As Liquid turns 18, our Chef DirectorDavid Colcombe, reflects on the changes in the food sector over the last two decades. 

The food industry has changed a lot since 2004, the year that Liquid was born. The events of the last 18 years have shaped the sector in many ways – and particularly since the pandemic. From people’s shopping habits to eating out experiences, there is plenty to be said on the topic! 

In the early 2000s, there was a great deal of emphasis on ‘farm to fork’ as the idea of sustainable farming came to the fore. People began to care more about where the food on their plate was coming from, with chefs sourcing organic meats and fish straight from the sea. 

Attention was also turning to foods from further afield – from Spain to Scandinavia. Chefs were realising how much they could learn from European cuisine, using different ingredients and techniques in the kitchen. Food industry giants were also testing the waters with new and unusual flavours – like Pepsi’s ‘Holiday Spice’ 2004 limited edition drink. 

There’s no doubt that there will always be a place in the UK food industry for authentic, traditional European dishes. But in recent times we’ve seen a shift towards international cuisines through the rise of street food. In Birmingham, popular street food venues like Digbeth Dining Club have proven this, with plenty of options to choose from – from Korean BBQ to Mexican tacos.  

Influences from around the world have changed the way we cook today. The rise of social media has allowed chefs to create and share recipes with the click of a button – and has given a platform to younger people looking to start out in the industry. Cooking TV programmes such Tom Kerridge’s Fresh Start help people to see the benefits of cooking and encourage them to have a go at home.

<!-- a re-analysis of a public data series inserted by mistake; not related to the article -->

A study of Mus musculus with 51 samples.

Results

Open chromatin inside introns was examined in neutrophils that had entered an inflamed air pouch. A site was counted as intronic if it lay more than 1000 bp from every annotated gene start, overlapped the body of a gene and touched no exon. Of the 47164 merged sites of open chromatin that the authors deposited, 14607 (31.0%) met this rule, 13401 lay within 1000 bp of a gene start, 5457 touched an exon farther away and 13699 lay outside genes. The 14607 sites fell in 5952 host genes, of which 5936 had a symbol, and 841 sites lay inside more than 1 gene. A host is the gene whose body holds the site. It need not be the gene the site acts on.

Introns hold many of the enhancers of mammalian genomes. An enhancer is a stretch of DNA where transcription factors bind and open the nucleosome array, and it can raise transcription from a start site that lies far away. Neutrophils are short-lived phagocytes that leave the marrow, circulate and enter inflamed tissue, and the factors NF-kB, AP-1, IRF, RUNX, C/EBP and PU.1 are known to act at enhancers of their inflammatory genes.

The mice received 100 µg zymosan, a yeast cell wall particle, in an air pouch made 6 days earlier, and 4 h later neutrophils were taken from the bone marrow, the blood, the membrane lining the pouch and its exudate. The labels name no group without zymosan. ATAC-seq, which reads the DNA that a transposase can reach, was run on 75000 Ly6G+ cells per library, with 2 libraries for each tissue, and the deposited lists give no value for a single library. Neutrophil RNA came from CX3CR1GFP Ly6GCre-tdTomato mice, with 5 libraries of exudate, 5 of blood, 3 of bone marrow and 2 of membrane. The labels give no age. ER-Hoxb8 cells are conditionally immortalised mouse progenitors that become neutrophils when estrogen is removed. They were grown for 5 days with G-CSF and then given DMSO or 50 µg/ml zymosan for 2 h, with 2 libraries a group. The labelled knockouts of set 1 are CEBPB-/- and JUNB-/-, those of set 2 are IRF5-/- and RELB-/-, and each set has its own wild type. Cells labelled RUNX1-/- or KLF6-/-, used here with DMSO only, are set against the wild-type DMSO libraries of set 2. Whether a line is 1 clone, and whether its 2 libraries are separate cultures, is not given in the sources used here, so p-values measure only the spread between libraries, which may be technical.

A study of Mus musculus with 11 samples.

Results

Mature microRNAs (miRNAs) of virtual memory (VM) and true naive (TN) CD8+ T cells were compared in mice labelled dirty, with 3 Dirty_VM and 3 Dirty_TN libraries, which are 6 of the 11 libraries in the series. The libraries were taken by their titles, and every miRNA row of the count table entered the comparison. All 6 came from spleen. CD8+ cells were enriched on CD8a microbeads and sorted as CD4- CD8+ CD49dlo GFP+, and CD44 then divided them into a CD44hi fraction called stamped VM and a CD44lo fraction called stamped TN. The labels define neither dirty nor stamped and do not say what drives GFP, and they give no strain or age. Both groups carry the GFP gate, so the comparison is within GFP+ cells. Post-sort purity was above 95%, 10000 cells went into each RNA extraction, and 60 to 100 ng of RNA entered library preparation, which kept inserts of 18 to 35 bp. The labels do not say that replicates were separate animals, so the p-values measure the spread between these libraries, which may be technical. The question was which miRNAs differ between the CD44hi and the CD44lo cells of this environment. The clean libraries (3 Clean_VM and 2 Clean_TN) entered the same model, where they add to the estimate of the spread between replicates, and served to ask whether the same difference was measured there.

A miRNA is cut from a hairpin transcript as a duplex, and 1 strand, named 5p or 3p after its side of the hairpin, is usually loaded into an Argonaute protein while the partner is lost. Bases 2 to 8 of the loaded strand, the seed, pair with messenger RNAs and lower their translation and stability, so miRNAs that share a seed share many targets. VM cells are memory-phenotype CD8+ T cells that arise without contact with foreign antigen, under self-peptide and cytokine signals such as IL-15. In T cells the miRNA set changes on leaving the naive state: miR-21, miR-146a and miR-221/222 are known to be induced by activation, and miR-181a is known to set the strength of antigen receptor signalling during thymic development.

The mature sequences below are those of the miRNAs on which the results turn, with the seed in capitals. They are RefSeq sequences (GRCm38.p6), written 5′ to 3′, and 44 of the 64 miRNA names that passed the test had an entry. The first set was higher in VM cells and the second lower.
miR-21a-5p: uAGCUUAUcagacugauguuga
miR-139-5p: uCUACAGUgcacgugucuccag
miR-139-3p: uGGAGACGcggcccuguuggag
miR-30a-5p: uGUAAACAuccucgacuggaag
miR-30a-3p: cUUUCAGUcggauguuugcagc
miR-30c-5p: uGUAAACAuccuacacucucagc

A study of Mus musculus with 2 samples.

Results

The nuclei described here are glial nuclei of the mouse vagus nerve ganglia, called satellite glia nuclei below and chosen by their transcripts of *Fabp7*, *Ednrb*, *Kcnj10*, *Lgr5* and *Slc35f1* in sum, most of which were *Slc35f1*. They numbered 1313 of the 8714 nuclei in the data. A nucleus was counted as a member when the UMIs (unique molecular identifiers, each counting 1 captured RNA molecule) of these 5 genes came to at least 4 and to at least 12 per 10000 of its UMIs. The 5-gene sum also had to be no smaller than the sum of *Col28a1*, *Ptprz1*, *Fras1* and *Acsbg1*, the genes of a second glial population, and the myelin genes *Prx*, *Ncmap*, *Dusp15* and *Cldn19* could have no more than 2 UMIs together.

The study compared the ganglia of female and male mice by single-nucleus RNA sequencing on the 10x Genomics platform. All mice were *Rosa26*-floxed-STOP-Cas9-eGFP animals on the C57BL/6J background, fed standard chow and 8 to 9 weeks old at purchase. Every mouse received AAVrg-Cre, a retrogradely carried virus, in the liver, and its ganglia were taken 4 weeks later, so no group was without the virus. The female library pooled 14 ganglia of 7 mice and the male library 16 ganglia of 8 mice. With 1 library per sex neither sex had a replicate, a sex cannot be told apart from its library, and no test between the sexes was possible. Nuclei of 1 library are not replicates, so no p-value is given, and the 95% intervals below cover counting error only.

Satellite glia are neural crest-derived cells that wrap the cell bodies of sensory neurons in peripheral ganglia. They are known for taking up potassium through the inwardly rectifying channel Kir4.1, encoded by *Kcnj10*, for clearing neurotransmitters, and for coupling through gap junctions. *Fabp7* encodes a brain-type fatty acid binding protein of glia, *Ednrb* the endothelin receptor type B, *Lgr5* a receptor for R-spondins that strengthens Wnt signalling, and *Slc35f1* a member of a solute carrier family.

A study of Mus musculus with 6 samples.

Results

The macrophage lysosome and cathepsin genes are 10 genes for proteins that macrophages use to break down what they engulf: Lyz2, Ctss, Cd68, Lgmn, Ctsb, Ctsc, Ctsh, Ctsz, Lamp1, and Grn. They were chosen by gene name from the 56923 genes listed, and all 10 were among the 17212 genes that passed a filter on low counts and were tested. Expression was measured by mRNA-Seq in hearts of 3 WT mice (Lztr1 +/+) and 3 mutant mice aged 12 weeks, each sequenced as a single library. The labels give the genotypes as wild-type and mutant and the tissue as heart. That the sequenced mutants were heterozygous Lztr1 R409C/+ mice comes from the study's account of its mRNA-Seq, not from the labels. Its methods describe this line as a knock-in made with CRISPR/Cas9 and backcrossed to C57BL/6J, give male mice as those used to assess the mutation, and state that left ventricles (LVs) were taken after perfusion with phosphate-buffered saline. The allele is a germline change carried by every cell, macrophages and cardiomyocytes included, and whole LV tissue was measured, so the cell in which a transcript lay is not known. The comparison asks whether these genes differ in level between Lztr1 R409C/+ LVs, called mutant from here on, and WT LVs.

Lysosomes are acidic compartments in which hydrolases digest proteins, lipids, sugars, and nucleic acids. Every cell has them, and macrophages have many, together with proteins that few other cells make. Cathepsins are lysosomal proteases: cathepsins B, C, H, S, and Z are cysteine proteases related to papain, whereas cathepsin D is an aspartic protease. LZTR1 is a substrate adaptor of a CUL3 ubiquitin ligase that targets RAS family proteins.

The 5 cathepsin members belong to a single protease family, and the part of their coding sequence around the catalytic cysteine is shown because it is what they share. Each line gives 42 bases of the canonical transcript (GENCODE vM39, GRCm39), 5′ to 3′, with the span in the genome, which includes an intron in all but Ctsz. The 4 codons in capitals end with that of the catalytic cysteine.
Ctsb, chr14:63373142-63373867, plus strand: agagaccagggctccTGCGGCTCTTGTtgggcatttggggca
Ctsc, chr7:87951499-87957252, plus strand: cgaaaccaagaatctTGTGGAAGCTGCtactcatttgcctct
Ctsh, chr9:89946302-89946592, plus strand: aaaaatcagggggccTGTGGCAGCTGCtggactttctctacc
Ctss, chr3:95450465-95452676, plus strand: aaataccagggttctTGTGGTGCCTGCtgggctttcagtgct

Since the pandemic, the way people shop has also changed. I for one had never done an online food shop until three years ago – and now I have a fresh fruit and veg box delivered to my doorstep from the local grocers every week. More people also shop locally, supporting fishmongers and butchers. 

The amount of food options on offer has also massively grown. We’ve seen the rise of trends like brunch, alongside the opening of new concept cafes that create an experience for those visiting. From Shoreditch to Selly Oak, there’s plenty out there. I was particularly amused when one of the team recently told me that their 80-year-old nan was going out for bottomless brunch – there really is something for everyone! 

Technology has played a large part in the changing landscape of food over the years. New technologies have impacted the way that chefs navigate the kitchen and revolutionised techniques. Here at Liquid, our Development Chef, Olivier, uses tools like a water bath and thermos mixer, meaning he’s able to cook without the need for a commis chef. 

There is no doubt that a focus on sustainability is here to stay. The rise in vegetarian and vegan diets shows the raised awareness and desire to eat for the environment, and emphasis is placed on shopping sustainably. At Liquid we believe that if we can fit-out our office ethically, why shouldn’t all our produce be sustainable too? 

So, it’s fair to say there’s been a lot of change in the food industry over the years. The vast inspiration available to us now has generated more encouragement and investment in the sector. We’re pleased to have recently launched our new offering, Kitchen by Liquid, to provide a unique content creation space for food and drink demonstrations, recipe development, cookery classes, and more. 

By opening our kitchen to the community in Birmingham and beyond, we hope to inspire the next generation of chefs, and support opportunities for the thriving food sector over the next 18 years.